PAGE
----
We’ve seen how the World Rally Championship’s new hybrid Rally1 cars perform on snow and asphalt. Now it’s time to see them on gravel for the first time, in Portugal.
The hugely popular event around the city of Porto is actually the first of five consecutive events on the WRC’s most common surface: a sequence that will also take in the similarly abrasive stages of Sardinia as well as the wilderness of the Safari Rally in Kenya and high-speed forest roads of Estonia and Finland over the next three months.
As well as testing the reliability and performance of the latest cars, these upcoming events will provide a big challenge for championship leader Kalle Rovanperä.
The 21-year-old Toyota driver has been in excellent form so far this season, finishing fourth on the Monte Carlo Rally after a slightly shaky start and then winning in both Sweden and Croatia, to underline his status as the sport’s youngest-ever championship leader. He’s already 29 points up on nearest rival Thierry Neuville, driving for Hyundai, but maintaining that advantage will be anything but straightforward.
Gravel rallies usually provide the WRC with a natural form of success penalty, as the championship leader is required to run first on the road during the first full day of competition on Fridays. If conditions are dry, this means they are creating a line through the loose gravel for their rivals to follow, handing them a big advantage.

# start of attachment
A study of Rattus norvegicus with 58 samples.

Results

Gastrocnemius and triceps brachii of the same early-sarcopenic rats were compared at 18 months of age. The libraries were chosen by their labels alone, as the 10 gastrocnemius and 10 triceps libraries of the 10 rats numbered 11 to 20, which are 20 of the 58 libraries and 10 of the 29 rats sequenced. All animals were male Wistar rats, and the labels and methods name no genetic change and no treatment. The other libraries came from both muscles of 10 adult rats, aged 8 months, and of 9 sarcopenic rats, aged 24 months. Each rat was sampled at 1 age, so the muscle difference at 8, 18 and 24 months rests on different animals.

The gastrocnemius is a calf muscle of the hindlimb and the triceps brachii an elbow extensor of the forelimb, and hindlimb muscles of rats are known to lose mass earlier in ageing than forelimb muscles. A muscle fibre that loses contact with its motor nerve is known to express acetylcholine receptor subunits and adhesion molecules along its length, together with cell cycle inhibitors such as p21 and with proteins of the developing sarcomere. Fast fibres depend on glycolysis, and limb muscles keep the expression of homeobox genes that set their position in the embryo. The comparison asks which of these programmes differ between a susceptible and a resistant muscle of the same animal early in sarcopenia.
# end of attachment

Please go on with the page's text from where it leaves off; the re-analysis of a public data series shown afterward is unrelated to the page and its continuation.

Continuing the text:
This is particularly true in Portugal, where the roads have a hard and rocky base that is covered by soft and sandy gravel, which provides little in the way of grip for those running at the front – also increasing the risk of going off.
Complicating Rovanperä’s hopes of a top result in Portugal will be the return of the two most successful rally drivers in history, Sébastien Loeb and Sébastien Ogier. The two French legends delivered an epic duel for victory on the Monte, with Loeb eventually claiming the top spot (and his 80th WRC victory). Since then, both have been busy trying their hand at circuit racing: Loeb in the DTM and Ogier in the World Endurance Championship.
Their time away gives them more favourable road positions for Portugal, although M-Sport Ford driver Loeb is remarkably still fourth in the standings, with Toyota’s Ogier in eighth. After years of arriving in Portugal as one of the championship leaders, Ogier in particular is relishing a golden opportunity to go for a record-breaking sixth win in the country, with a useful starting position.
The two Sebs are well-placed to triumph in the battle of the generations, but Rovanperä has the advantage of seat time in the complex new Rally1 machinery. With Portugal being the first gravel event for all of the drivers in their new cars, the ability to be straight up to speed on Friday could be even more important than where you start in the road order.
But there’s another man who could spoil the party for all of them, with an even better starting position than Ogier. Pre-season, Elfyn Evans was tipped as the championship favourite, having come close the previous two seasons. He was quickly up to speed in his new Toyota, but the more powerful and heavier cars are trickier to drive than their predecessors, and errors in both Monte Carlo and Sweden proved costly in terms of points.